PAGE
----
When I first went to school, I wanted to be the line leader. I wanted everyone to follow me. That worked great for about one day.
And then…I quickly learned my first leadership lesson.
You see, I did get to be the leader, but only until it was the next person’s turn.
My lesson that day: True leadership is not about positional authority. Once I lost my title, I also lost my following.
In the decades since, I have learned that leadership is so much more than being the line leader.
It is about…
Listening, learning, and loyalty.
It is about listening to your people and learning from them. And it’s about being just as loyal to them as you expect them to be to you. If someone on your team makes an honest mistake, do they know you have their back…or do you throw them under the bus? Show me a leader who is loyal to his team, and I will show you mutual respect.
Energizing the team.
Take a look around. Is your team excited and engaged, or are they dragging in late, showing signs of boredom (or burnout), and producing weak results? It is your job as a leader to create an energetic team. It starts with selecting the right candidate for each position, ensuring they are working within their strengths zone a majority of the time. It continues with ensuring they have good training for the position, and good mentorship as they grow in that position and beyond. It’s also about caring for them as individuals so you know what provides energy in their work and what drains them.
Adhering to principles.
There’s a saying, “Be loyal to principles, not institutions.” Institutions change. People change. Circumstances change. But principles do not change. Know your core principles and operate from them.
Decision making – wise, quick decision making.
Here’s the bottom line: leaders are the decision makers. They must be. But what kind of decision maker are you? Do you give yourself a little time to weigh your options and get wise counsel, or do you just make decisions off the cuff? Do you consider the repercussions of your decisions before making them known? A good leader makes quick decisions, but just as importantly, a good leader makes wise decisions.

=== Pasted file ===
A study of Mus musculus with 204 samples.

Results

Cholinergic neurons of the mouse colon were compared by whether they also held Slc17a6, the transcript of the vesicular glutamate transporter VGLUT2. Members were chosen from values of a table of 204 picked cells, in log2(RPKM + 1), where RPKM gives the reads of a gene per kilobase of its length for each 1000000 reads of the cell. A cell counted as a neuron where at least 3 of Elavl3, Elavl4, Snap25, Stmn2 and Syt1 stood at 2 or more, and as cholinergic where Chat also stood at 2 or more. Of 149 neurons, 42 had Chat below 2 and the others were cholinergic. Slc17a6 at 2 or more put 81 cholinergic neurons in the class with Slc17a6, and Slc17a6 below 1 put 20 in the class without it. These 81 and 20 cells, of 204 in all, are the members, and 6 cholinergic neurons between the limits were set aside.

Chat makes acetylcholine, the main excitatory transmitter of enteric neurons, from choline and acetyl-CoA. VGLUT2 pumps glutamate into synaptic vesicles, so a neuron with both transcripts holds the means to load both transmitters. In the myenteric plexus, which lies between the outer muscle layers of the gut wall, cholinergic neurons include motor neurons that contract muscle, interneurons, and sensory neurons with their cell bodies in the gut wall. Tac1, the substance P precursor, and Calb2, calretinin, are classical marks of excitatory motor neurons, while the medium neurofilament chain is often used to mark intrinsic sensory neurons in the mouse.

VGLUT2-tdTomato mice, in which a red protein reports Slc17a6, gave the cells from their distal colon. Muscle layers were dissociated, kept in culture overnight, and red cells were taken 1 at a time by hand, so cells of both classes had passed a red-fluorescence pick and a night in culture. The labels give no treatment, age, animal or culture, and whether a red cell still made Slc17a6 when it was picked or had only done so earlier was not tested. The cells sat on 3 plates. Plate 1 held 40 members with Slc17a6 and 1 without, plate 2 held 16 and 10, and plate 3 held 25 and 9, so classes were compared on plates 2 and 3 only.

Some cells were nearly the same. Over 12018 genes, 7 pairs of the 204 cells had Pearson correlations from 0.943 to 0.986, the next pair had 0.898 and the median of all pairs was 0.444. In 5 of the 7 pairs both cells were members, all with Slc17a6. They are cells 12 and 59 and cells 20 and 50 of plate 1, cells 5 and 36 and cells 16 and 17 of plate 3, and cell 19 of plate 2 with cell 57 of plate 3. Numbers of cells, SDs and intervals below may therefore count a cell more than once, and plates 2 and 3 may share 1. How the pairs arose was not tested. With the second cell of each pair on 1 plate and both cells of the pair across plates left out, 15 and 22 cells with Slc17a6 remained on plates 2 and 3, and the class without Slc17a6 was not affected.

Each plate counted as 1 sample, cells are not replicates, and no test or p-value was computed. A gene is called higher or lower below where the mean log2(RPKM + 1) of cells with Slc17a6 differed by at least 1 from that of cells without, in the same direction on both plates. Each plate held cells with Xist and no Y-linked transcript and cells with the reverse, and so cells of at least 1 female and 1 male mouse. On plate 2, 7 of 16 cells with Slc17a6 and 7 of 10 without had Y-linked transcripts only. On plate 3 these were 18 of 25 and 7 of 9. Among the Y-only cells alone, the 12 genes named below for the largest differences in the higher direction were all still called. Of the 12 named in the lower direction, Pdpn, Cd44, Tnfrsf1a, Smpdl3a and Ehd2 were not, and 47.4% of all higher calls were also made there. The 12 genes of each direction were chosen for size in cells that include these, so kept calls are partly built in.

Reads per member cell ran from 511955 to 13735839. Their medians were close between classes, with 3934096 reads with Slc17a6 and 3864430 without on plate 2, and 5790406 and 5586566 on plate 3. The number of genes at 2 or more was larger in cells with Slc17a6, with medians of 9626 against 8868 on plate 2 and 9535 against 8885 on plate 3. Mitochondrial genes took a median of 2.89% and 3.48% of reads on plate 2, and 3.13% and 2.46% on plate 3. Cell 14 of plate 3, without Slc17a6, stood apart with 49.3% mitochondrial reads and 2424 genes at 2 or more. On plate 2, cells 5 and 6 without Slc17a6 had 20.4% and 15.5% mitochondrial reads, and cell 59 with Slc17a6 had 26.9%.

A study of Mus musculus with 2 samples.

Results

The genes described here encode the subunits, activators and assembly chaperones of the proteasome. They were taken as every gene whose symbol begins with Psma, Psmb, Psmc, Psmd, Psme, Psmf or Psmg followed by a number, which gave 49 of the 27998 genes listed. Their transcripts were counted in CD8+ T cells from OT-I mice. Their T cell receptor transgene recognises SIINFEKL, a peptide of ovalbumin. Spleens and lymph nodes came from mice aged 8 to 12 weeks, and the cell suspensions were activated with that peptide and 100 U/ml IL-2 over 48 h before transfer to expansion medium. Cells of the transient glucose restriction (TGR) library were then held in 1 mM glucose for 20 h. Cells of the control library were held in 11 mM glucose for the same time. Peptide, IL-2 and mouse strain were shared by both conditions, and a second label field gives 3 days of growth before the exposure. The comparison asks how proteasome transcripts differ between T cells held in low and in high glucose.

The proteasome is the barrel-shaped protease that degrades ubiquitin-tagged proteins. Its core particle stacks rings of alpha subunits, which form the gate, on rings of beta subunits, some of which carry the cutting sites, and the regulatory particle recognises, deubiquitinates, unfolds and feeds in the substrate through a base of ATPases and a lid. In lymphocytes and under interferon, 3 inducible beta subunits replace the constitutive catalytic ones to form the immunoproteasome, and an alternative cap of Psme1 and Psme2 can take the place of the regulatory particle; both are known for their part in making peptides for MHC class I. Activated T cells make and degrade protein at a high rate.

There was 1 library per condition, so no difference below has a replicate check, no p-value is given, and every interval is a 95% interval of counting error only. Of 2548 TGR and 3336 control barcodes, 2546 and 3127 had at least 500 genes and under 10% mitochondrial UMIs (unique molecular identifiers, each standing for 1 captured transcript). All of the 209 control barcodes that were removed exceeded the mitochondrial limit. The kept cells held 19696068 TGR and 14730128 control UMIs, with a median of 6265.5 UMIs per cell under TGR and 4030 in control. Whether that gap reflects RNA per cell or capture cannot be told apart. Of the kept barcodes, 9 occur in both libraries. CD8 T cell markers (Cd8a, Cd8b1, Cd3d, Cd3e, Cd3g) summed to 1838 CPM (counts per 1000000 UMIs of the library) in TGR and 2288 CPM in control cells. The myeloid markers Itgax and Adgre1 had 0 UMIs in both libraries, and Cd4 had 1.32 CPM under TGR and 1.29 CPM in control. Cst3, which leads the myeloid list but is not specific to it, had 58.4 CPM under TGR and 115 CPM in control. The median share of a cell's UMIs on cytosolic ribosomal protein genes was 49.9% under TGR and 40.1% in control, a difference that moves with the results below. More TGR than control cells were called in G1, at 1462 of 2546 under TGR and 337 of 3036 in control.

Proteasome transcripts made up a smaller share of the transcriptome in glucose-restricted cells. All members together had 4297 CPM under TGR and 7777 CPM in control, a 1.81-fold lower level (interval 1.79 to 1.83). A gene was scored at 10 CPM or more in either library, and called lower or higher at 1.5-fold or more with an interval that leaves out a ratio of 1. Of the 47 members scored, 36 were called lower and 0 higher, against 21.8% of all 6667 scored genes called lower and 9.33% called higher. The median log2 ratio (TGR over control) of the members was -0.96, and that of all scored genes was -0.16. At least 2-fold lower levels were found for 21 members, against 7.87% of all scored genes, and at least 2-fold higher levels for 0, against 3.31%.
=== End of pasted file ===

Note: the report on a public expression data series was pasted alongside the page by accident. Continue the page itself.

Enlisting help when you don’t have all the answers…because you don’t have all the answers.
A good leader is not the person who knows the most. It’s the person who knows to surround himself or herself with those who are experts in diverse areas. A strong leader can only go so far…but a strong team is exponentially more powerful than the individual.
Requiring as much (or more) of yourself than you do of your team.
We have all known them – those who say, “Do what I say, not what I do.” The fact is, the leader must set the example. Raise the bar higher on yourself than on your team. Why? Because if you do that, they will rise to your level.
Setting an example worth following.
I remember back in the Ronald Reagan era hearing songs of patriotism that you just do not hear anymore. You may not have agreed with his politics, but as a leader, he set a great example for our country, and you likely respected him. So, by the way, did the rest of the world.
Helping others grow.
Your people are not your competitors. Your goal should not be to keep your people down, but, rather, to lift them up to your level. How do you do this? You train them, mentor them, and communicate with them. It is not about competition; it is about collaboration.
Influencing others to pursue the vision right along with you.
Before you can influence others to pursue a vision, you must be clear on it yourself. Are you? Once it is clear, communicate it to your team. Have a vision that excites you, and share that excitement with your team.
Providing an environment where your people can grow and work in their strengths.
The job of a leader is to build a strong team, and strong teams come from strong individuals. It’s about hiring the right people, placing them in a position and environment that allows them to work in their strengths, and then helping them push beyond their comfort zone to growth. If you are reprimanding more than recognizing great efforts, something in the formula is missing.
Are you leading beyond just being a line leader?